4th Feb 2023

Merkel accused of 'lying' over new Greek bailout

  • Merkel. Bundesbank says Greece will need more German money after the September election (Photo:

German opposition parties have piled pressure on Chancellor Angela Merkel after the country's central bank claimed that Greece would need a further loosening of the terms of its rescue package.

The attacks come after German weekly Der Spiegel quoted a leaked internal report by the Bundesbank saying the EU would "certainly agree a new aid programme for Greece" by early 2014.


It also described as "politically motivated" a decision by the so-called troika, which represents the EU, the European Central Bank and the International Monetary Fund, to approve the latest €5.8 billion tranche of money for Athens in July.

Social Democrat budget spokesman Carsten Schneider quickly accused Merkel of deceiving German people about the real situation in Greece.

"There will be a rude awakening after the election," he said in a statement on Monday (12 August).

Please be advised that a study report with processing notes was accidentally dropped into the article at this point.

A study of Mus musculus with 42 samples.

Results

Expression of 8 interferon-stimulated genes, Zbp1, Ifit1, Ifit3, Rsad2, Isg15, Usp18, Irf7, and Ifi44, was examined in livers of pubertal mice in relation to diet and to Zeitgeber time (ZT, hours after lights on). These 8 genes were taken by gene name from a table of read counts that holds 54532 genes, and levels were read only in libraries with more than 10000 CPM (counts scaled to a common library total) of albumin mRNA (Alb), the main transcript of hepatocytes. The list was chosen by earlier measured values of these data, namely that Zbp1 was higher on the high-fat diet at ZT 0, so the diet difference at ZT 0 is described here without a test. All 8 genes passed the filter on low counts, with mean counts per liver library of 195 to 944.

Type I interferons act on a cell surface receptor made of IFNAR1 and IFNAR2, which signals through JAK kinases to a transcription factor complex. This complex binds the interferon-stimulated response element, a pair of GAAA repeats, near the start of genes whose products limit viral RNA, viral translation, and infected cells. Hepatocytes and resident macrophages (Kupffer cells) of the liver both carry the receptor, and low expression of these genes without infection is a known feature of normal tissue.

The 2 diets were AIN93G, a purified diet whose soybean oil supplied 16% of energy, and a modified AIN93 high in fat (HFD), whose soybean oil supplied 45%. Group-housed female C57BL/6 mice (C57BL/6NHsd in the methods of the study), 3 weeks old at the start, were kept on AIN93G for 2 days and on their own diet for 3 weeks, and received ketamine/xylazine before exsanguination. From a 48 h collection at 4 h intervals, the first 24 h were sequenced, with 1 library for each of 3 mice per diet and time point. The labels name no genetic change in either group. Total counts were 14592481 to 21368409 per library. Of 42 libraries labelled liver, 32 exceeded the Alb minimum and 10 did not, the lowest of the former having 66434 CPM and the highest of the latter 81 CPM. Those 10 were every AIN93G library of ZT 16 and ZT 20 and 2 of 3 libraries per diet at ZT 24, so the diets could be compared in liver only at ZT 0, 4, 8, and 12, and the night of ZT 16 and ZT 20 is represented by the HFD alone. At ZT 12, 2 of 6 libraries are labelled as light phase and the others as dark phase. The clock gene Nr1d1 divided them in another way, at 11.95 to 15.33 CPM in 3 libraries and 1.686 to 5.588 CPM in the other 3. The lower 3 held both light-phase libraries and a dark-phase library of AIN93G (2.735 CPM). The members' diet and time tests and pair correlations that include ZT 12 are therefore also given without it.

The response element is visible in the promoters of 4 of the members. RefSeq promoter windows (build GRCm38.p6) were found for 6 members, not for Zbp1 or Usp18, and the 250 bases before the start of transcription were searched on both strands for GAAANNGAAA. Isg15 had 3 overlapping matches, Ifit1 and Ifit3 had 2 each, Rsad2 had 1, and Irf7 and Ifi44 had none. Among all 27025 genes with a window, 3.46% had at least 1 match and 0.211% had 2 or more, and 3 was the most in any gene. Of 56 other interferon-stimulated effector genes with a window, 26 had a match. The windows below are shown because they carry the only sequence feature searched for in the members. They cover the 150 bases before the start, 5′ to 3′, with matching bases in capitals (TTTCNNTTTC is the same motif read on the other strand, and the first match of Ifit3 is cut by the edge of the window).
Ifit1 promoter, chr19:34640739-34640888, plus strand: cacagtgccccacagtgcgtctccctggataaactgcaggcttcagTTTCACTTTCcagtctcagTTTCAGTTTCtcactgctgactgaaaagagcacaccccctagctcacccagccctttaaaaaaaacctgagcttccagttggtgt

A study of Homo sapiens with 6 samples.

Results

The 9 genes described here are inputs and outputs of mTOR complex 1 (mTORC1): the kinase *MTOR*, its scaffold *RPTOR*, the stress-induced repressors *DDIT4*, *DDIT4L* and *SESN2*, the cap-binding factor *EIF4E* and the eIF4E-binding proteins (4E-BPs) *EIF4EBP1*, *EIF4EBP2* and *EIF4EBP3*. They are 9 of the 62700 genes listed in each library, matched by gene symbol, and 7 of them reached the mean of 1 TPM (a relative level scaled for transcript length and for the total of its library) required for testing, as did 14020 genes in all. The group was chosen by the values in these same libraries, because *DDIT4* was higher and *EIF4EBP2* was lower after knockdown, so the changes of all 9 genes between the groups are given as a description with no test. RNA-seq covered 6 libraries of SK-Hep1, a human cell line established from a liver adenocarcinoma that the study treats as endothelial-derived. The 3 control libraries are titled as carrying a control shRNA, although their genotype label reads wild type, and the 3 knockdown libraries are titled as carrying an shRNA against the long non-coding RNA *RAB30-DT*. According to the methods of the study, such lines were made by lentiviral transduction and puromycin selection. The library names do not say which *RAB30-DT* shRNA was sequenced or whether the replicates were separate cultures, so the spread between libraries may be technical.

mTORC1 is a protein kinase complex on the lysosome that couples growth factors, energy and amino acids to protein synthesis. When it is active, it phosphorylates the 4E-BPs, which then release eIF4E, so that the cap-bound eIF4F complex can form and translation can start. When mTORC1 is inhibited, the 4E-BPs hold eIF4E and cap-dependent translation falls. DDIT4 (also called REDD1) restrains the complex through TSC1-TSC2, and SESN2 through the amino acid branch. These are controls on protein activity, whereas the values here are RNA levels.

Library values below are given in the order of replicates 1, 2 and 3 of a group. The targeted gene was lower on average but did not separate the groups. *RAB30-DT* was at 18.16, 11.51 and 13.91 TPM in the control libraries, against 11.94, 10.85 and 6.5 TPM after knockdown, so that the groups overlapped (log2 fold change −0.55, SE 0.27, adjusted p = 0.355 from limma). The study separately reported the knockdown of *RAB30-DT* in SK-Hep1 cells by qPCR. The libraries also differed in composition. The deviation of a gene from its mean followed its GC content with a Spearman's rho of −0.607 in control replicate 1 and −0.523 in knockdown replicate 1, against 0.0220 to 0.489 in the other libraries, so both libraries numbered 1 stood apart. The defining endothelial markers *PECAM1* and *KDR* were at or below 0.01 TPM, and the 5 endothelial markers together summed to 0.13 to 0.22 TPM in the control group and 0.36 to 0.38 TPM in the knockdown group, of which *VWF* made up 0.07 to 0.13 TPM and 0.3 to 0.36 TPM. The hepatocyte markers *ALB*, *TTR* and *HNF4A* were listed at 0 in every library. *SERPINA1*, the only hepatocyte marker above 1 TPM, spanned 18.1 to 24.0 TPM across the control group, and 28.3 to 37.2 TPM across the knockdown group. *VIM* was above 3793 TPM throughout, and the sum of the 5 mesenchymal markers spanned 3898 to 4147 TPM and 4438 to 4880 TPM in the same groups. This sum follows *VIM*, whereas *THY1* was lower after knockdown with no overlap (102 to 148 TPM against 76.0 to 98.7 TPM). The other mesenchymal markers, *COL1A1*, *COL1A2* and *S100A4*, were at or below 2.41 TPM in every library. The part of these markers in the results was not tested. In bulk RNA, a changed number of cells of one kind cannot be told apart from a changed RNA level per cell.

"By disputing the need for additional aid for Greece, the Chancellor is lying to people before the election," he added.

Bernd Lucke, the leader of the recently formed eurosceptic party, the Alternative for Germany, also accused Merkel of "throwing sand in the eyes" of voters.

The Bundesbank itself has refused to comment on the reports.

The German finance ministry, headed by Merkel ally Wolfgang Schaueble, also declined to comment on the leak.

But with German voters set to go to the polls on 22 September, the timing of the revelation is potentially toxic.

Merkel's Christian Democrats are currently polling at around 40 percent - 15 points ahead of the Social Democrats.

But the weak standing of her coalition partner, the Liberal Free Democrats party, could topple her administration.

German finance minister visits angry Greece

German finance minister Wolfgang Schaeuble is due in Athens Thursday just as the Greek parliament, amid large street protests, passed a bill that will see thousands of public sector jobs cut.